Wings across Australia

PETER ROBINSON’SClassic

FIRST PUBLISHED JULY 1981 EPIC TALES FROM OUR ARCHIVES

GO SEE AUSTRALIA WAS (AND REMAINS) A CORE WHEELS BELIEF. WE WANT OUR READERS TO ENJOY THEIR CARS AND, FOR AS LONG AS I CAN REMEMBER, FREQUENTLY SET OUT TO PROVE THAT, DESPITE TODAY’S CRUSHING SPEED LIMITS AND AN INEXORABLE RISE IN POLICE PRESENCE, BEYOND THE SUBURBS EXIST GREAT ROADS WORTHY OF EXPLORATION.

We often link our enthusiasm for driving and discovery with true long distance drives: a lap of Australia; Darwin-to- Adelaide; Outback comparisons of, traditionally, Falcon versus Commodore but most recently Golf v Mazda 3; finding the best roads in New Zealand and Tasmania; and I still reckon Steve Cropley and I hold the record for Sydney-to-Perth – 29 hours, 15 minutes and some seconds in an Alfa Romeo Alfetta (surely a future story for Classic Wheels).

In 1981, aiming to prove Datsun’s newly minted, 85 percent Australian-made Bluebird really was a rival for the allconquering Mitsubishi Sigma, we conceived a plan to drive the all-of-70kW 2.0-litre and still rear-wheel-drive mid-size sedan from Adelaide to Darwin.

Our team consisted of Pommie assistant editor Bob Murray, fresh from Car magazine in the UK, veteran marathon driver Matt Whelan, and endlessly energetic and unflappable staff photographer Warwick Kent.

In those far-off days in 1981, the bitumen ran out at Woomera and didn’t reappear until you approached Kulgera, just over the border in the Northern Territory, almost 500km to the north. Bob Murray saw his first kangaroo and was taught how to do ‘the floodway flick’, a driving technique for tortuous gravel roads that involved meeting any ridge with the car somewhat sideways in order to avoid punching the front struts through the bonnet.

Despite the distractions of Space Invaders (the earliest of all computer games?), our heroes in the Bluebird – I’ve never known why, after the 1600, 180B and 200B, Datsun reverted to Bluebird for its crucial all-new model – averaged 110km/h (including stops) and covered the 3262 kilometres in a minute under 30 hours, for a driving average of 144km/h, while using 13.0L/100km of fuel. Disastrously profligate by today’s standards, but predictable consumption 34 years ago.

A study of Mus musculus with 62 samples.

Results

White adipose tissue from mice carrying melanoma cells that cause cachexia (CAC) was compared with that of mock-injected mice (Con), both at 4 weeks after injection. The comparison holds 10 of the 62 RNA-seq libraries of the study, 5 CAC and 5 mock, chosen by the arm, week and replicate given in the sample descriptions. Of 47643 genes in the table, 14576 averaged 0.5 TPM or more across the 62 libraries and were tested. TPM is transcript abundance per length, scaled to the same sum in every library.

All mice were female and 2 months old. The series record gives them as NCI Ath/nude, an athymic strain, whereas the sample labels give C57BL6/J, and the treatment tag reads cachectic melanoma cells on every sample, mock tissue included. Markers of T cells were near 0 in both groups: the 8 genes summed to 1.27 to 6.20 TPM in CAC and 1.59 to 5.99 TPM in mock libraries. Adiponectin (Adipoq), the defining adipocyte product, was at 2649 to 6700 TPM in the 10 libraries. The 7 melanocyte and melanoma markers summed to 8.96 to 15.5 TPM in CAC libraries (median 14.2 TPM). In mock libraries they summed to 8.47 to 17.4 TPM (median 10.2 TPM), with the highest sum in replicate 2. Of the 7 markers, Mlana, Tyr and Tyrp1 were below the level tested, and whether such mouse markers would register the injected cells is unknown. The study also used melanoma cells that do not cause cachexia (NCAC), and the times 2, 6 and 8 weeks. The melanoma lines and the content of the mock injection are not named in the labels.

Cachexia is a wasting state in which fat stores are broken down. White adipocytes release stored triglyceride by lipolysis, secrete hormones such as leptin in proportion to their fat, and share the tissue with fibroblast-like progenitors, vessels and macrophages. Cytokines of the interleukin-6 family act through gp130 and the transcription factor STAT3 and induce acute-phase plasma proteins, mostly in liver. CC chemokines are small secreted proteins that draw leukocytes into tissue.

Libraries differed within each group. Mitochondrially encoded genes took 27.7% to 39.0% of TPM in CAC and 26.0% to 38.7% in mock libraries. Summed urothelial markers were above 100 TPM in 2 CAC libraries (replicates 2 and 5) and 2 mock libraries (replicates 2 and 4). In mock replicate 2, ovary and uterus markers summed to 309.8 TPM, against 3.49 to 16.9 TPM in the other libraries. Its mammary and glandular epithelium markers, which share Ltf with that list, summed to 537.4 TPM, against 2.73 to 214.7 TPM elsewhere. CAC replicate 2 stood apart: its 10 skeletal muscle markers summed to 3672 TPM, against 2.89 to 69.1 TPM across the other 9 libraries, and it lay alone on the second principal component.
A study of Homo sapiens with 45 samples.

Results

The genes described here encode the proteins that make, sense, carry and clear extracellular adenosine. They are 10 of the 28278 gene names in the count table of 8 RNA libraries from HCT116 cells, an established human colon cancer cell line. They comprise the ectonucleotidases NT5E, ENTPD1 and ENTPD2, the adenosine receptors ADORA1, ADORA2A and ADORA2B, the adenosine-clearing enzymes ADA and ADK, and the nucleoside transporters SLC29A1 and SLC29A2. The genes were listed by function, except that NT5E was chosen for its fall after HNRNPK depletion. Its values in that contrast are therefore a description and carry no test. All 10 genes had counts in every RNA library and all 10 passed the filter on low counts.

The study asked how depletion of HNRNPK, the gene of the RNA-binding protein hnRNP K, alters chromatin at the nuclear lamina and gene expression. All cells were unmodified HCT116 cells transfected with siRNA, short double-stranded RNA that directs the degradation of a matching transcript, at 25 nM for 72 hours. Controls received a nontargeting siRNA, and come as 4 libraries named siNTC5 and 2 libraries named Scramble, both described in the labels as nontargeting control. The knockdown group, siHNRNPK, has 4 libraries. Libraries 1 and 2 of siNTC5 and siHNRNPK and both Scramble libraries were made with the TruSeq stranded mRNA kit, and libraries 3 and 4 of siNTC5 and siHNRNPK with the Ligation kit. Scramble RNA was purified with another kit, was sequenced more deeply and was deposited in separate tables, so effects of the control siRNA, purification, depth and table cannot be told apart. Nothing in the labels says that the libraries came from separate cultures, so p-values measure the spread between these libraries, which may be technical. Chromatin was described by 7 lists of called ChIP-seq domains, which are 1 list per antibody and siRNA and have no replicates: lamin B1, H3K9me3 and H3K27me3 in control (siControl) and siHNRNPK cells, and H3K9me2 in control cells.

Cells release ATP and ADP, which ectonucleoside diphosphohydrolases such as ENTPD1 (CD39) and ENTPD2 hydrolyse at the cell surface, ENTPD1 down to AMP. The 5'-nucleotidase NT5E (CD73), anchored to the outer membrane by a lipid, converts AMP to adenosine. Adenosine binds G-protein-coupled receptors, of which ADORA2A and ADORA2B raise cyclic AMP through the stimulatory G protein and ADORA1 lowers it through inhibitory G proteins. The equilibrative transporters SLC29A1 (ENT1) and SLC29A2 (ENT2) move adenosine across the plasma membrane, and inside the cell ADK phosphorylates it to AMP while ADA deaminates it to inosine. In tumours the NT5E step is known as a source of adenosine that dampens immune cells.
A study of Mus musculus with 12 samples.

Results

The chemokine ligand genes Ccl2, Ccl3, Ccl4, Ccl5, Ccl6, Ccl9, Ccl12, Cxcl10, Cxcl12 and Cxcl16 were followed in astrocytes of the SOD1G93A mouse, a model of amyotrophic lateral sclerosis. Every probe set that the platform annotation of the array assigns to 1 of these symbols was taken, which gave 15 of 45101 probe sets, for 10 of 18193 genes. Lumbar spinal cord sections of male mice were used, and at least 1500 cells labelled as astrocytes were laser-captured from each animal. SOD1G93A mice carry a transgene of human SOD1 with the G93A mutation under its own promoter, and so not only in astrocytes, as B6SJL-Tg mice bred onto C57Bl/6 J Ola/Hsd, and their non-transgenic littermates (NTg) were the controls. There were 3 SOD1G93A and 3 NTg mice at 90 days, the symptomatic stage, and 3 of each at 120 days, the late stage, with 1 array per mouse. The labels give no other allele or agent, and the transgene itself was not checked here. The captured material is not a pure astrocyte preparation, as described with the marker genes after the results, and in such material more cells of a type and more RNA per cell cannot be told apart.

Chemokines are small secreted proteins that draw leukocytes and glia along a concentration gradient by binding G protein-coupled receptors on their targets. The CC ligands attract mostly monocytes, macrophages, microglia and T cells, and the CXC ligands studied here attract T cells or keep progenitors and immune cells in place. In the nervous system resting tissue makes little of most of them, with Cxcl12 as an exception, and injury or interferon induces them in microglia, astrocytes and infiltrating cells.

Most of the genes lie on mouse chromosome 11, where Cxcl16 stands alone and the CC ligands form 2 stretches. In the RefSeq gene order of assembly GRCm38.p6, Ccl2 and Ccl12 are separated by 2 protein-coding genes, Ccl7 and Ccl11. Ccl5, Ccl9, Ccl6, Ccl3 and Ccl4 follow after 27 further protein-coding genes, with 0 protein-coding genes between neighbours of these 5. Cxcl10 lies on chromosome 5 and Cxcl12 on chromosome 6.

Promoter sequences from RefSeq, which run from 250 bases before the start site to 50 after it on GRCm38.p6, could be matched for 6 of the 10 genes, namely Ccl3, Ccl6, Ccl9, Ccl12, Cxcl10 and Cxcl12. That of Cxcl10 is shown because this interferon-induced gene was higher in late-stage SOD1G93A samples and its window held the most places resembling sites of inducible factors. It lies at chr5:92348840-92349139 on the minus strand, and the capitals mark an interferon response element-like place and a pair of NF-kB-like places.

Murray, on his first epic Australian drive, perfectly captured the dramas and building excitement of a classic city-to-city marathon, while Kent’s photography vividly and honestly recorded the event.

Our popular and ongoing Car Versus Road series shows no signs of disappearing. Long may it and the great drive stories continue.

“It was soon after eight in the morning, the sun was eyeball-piercing bright but not yet too hot, and the genuine, all-Australian Big Sky was all around us.” BOB MURRAY

Bluebird of unhappiness

THE revived Bluebird nameplate only survived for five years (1981 to 1986) before being superseded by the also locally produced and utterly boring Pintara, the four-cylinder version of the locally produced Skyline.

Datsun had been intent on the bigger and roomier Bluebird becoming Australia’s top-selling four-cylinder model, but never did achieve its ambition.

By the late 1980s, the Nissan company was in financial trouble globally and not even a thoroughly competent all-new Pulsar was good enough to stave off the inevitable closure of the Clayton, Victoria, plant, previously the home of Volkswagen Australia.

ALSO IN WHEELS, July 1981

BATTLE of the Ocker Orientals as the Nissan Bluebird takes on the Mazda 626 and Mitsubishi Sigma; Gavin Green meets the Lotus Esprit Turbo; Wheels investigates what Australia can do to cut its soaring oil consumption and avoid a future energy crisis; How the once proud Australian car industry is turning into a glorified assembly operation; Ford’s Laser versus the closely related Mazda 323

WheelsMag.com.au/classic READ THIS STORY AND HEAPS MORE CLASSICS AT

THE WAY IT WAS

8 ’ 1

Back to the future

THE first gullwing-doored Delorean DMC-12 rolls off the production line in Dunmurry, Ireland.

War paint

SOMEONE twigs it’s more fun to shoot each other with compressed-air guns loaded with paint pellets than just let farmers use them to tag trees and cattle. The war game Paintball is born.

Low blow

TREVOR Chappell bowls the last ball of the World Series Cup final underarm, denying New Zealand the chance to hit a six and tie the game.

Next issue

Murray Walker’s Monaco: If unbridled enthusiasm and hard work make a good F1 commentator, ‘Muddly Talker’ deserves his place as the doyen of motor sport callers.